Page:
How do you tell Chinese from Japanese?
You wouldn’t believe how often I’ve been asked this question, as if I’m some sort of expert. Needless to say, I’ve always struggled for an answer.
Now, I’m happy to report that I finally have the definitive answer. It’s all about how an Asian person holds his or her smartphone while speaking into it.
This conclusion derives from keen observations by a former colleague who is Japanese and travels to China often.
Picture yourself in Shenzhen airport, he said. As you wait for your flight, you spot a lot of Asian businessmen and tourists holding their phones flat (parallel to the floor, like a slice of pizza) and talking into the microphone. These people pretty much all Chinese. You rarely see Japanese people talking into a smartphone mike.
As my ex-colleague was explaining this, suddenly everything made sense.
Last year, when I was covering the Mobile World Congress in Barcelona, I also noticed my Chinese colleague, Alice Sun, EE Times China’s esteemed mobile technology analyst, constantly holding her phone horizontally — pizza-style – and addressing the microphone, unlike the rest of us pressing our phones to our ears.
Alice wasn’t talking to a person. She was talking to her “device” to look up places on a map or her next appointment, searching for contact information, etc.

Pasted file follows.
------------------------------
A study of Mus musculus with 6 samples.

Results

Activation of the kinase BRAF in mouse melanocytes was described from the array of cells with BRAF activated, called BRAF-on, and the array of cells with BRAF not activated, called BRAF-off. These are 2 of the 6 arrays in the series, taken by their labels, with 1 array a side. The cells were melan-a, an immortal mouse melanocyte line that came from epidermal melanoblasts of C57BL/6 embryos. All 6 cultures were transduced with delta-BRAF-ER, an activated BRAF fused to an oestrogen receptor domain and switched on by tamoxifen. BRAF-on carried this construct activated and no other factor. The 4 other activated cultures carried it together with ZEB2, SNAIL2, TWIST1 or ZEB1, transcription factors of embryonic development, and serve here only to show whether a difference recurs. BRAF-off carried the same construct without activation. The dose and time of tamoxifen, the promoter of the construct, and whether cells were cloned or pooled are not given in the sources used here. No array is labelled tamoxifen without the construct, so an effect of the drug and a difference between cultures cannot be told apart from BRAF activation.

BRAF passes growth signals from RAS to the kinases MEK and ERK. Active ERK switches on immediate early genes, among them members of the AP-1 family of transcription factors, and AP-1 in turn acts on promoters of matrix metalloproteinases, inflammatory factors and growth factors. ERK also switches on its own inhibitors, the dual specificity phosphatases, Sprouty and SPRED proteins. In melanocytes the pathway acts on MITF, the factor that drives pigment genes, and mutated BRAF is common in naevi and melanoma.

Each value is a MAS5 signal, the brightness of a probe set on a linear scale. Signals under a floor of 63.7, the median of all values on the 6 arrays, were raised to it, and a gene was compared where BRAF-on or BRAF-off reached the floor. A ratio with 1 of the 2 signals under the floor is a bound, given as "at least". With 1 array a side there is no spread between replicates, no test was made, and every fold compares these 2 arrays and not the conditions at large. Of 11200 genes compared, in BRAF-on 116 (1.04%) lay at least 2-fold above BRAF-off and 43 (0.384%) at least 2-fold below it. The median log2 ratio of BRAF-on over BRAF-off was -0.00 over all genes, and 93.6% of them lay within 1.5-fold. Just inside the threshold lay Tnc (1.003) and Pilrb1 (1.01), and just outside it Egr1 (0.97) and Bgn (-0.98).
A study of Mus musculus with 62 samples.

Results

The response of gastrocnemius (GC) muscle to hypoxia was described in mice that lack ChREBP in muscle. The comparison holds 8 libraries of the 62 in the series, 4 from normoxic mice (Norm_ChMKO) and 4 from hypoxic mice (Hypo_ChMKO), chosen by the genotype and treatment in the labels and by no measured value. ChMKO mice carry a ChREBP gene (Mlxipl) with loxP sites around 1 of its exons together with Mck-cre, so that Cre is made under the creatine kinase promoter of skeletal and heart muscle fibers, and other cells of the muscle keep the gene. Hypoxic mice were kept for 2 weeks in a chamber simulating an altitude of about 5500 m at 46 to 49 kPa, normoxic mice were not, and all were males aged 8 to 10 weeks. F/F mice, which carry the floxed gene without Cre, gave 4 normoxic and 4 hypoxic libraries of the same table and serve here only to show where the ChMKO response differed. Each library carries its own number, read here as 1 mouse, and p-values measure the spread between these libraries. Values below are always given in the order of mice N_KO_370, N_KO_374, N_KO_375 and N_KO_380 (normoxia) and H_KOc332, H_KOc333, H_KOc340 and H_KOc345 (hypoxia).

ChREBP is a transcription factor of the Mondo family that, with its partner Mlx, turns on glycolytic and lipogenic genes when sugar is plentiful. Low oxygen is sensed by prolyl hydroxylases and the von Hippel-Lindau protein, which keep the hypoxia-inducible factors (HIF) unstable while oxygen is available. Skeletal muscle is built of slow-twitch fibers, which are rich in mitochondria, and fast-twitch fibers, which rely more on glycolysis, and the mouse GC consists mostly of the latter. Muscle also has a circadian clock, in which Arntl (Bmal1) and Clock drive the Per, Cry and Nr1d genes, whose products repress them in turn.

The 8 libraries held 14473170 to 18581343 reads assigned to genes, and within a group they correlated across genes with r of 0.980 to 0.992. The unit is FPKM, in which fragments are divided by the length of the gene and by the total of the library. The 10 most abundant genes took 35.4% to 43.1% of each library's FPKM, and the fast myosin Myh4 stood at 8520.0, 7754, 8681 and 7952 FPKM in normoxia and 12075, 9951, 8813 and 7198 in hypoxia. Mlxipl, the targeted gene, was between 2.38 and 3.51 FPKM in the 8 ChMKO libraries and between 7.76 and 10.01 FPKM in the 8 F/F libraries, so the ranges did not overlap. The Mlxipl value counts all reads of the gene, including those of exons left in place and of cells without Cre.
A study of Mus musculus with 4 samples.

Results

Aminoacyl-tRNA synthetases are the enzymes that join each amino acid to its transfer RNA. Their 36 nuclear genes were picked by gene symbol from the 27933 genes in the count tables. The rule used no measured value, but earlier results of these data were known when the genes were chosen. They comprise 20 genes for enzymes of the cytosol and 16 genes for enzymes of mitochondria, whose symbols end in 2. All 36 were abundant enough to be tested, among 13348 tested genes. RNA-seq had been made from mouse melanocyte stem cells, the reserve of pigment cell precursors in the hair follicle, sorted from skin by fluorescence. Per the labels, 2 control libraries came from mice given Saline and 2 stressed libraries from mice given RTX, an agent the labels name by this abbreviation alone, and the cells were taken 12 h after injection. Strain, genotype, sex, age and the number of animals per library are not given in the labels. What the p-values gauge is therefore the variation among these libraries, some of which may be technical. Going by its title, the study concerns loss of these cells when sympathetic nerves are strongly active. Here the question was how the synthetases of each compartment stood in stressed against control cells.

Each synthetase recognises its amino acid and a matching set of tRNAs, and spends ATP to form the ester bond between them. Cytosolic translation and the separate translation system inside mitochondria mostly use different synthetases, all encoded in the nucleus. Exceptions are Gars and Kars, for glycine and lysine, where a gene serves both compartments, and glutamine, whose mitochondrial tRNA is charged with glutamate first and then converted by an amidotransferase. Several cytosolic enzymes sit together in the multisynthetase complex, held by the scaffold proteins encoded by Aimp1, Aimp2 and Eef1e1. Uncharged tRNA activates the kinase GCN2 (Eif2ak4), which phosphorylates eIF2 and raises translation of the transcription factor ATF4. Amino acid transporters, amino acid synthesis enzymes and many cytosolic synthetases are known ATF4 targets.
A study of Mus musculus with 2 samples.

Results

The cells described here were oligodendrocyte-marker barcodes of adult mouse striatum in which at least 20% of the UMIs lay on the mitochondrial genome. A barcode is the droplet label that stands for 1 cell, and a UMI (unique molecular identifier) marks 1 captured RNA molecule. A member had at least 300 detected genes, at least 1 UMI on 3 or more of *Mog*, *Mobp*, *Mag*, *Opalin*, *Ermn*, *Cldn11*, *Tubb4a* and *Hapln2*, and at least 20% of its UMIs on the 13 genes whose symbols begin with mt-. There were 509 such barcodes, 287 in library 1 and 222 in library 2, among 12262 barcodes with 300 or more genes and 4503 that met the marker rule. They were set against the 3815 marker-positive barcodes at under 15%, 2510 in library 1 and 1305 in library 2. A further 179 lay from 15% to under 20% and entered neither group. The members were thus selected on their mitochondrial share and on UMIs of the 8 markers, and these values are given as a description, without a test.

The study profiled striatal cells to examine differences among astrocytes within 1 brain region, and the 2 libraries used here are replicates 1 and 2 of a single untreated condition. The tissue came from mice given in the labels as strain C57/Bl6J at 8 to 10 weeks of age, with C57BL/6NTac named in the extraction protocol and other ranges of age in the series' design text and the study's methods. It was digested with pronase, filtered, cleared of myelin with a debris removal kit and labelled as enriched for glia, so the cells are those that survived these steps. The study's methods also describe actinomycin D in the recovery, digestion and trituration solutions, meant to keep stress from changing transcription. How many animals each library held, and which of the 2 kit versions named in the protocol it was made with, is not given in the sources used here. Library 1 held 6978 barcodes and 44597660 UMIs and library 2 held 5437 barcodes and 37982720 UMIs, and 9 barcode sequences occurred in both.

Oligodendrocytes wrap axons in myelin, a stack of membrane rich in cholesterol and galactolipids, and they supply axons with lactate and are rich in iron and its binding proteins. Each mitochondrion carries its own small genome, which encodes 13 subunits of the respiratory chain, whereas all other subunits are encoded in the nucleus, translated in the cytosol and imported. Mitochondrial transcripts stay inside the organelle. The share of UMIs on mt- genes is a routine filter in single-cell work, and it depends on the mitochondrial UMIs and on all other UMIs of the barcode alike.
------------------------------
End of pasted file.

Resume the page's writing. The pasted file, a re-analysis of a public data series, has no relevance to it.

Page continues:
Belatedly, I’ve realized that this is a rare instance of consumers’ high-tech device usage exposing the clear, behavioral and cultural differences of people around the globe.
When I was a teenager, living in Connecticut as a foreign exchange student, my Western friends used to offer their wisdom on differences in Chinese and Japanese, usually dwelling on the slant or roundness of Asian eyes.
Of course, these was sweeping speculation from kids who’d grown up in neighborhoods where hardly any Asians lived. The simple truth is that most Asians themselves can’t tell the difference, either.
Dress used to be a much more dependable ethnic marker. But we’re losing that measure as China (and Korea, too) grows more affluent and adopts a more “global” sense of fashion. Orlon, once China’s default fabric, is fast disappearing.
Why the behavioral difference?
For the moment, as far as I can tell, smartphones offer a much better clue.
More important, this behavioral difference — how you use your smartphone — reveals the revolutionary changes Chinese consumers are bringing to user-interface technology. Smartphone users in China are clearly way ahead of the rest of the world in embracing the voice-first UI and taking advantage of its genuine effectiveness.
But before further analyzing the implications, I need to figure out a couple of things. First, why have Chinese been so quick to exploit voice input, compared to consumers everywhere else?